Experts Confirm Roundabouts Can’t Give Rise to Tornadoes
No, traffic circles don't cause extreme weather
Depending on where you came of age, you might call it a traffic circle or you might call it a roundabout. Either way, the principle is the same: cars drive around in a circle and exit at appropriate points to continue on their way. You can find them in London and New York City; you can also see them on suburban and rural highways. They’re ubiquitous. And with extreme weather on people’s minds once again, a question might come to mind — namely, could driving around one really fast cause a tornado to form?
In 2019, a Pennsylvania man called in to a local news show to make his opinion on the subject known. His opinion? That traffic circles led to tornadoes. “When people go round and round in circles, it caused disturbance in the atmosphere, and causes tornadoes,” he said.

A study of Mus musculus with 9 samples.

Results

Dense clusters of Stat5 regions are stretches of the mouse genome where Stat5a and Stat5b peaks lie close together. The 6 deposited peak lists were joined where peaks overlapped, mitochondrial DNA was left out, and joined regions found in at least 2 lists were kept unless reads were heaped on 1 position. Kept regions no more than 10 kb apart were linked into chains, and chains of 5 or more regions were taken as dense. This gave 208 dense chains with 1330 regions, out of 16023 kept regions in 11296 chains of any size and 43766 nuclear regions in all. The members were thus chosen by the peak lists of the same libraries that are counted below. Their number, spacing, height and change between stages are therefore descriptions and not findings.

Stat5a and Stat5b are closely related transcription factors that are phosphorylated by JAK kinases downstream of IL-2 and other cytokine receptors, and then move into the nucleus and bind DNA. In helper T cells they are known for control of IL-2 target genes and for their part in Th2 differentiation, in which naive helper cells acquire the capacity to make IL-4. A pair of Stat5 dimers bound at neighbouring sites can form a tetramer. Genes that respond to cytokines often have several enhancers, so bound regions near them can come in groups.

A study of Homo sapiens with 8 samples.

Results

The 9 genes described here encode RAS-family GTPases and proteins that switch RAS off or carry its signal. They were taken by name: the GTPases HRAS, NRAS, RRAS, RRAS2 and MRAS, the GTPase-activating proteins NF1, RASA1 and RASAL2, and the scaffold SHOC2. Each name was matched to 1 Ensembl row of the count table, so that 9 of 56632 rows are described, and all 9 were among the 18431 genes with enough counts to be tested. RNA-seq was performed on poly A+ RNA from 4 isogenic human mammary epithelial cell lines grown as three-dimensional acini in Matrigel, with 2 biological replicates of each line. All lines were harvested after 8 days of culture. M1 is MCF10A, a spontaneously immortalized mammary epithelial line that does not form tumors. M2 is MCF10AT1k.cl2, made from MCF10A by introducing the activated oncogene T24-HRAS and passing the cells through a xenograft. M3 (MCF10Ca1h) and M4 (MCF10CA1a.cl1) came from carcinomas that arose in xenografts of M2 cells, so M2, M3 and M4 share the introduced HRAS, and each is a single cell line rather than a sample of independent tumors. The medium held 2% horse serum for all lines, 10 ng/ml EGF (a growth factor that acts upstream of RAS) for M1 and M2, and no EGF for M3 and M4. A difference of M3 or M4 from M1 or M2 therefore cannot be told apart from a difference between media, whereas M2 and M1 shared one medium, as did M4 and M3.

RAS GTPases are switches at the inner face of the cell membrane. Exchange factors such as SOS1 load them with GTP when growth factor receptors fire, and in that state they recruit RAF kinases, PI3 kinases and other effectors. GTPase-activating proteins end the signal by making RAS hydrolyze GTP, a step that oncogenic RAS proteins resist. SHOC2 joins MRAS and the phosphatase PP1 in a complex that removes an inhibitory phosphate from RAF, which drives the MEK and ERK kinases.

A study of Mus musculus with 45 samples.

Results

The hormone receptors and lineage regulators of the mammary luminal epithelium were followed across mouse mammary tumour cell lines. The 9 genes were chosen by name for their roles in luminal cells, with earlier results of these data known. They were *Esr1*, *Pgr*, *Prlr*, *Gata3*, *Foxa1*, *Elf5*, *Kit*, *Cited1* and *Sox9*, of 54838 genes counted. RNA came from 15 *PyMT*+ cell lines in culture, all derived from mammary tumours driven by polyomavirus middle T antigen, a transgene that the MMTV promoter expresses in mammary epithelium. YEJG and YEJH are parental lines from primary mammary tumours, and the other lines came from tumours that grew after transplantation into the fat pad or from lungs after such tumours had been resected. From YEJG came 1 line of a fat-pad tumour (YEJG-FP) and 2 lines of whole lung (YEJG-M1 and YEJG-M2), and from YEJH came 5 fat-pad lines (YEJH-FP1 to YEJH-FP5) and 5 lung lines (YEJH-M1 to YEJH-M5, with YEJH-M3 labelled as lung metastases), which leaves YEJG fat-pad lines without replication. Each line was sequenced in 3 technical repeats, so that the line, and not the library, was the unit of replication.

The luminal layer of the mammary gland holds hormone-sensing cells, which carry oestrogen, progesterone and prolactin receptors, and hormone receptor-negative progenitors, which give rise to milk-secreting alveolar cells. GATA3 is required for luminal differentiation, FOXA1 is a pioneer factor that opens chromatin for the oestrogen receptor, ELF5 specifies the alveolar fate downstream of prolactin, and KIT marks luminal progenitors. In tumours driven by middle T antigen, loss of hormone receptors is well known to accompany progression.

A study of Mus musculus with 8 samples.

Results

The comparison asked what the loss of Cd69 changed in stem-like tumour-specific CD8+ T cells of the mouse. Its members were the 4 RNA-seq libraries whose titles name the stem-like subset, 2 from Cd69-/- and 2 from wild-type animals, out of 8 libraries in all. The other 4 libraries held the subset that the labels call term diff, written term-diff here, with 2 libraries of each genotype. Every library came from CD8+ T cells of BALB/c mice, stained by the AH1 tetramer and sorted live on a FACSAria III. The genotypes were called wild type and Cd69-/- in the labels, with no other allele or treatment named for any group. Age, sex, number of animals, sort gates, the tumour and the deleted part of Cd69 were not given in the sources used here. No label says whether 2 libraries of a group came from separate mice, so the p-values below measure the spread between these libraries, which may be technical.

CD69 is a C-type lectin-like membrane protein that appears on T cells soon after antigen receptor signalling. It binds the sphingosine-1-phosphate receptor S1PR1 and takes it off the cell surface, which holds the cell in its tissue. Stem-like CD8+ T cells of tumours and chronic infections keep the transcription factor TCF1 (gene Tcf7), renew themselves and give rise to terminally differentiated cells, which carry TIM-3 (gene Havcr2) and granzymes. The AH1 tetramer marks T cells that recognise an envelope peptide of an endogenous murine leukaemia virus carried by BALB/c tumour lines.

At the time, this theory was widely disbelieved, for obvious reasons. But in the wake of Ida and Henri, it’s apparently gotten something of a second wind — no pun intended. And so Jalopnik’s Jason Torchinsky sought out an expert to debunk this theory once and for all.
Torchinsky spoke with Dennis Mersereau, author of The Extreme Weather Survival Manual, to get his insights on the matter. “Cars would never be able to start a tornado,” Mersereau told him. “Tornadoes start with rotation up in a thunderstorm and stretch down toward the ground.”
Roundabouts might be confusing for drivers, but they’re highly unlikely to spawn extreme weather in their wake. That’s one thing to reassure you in these troubling times.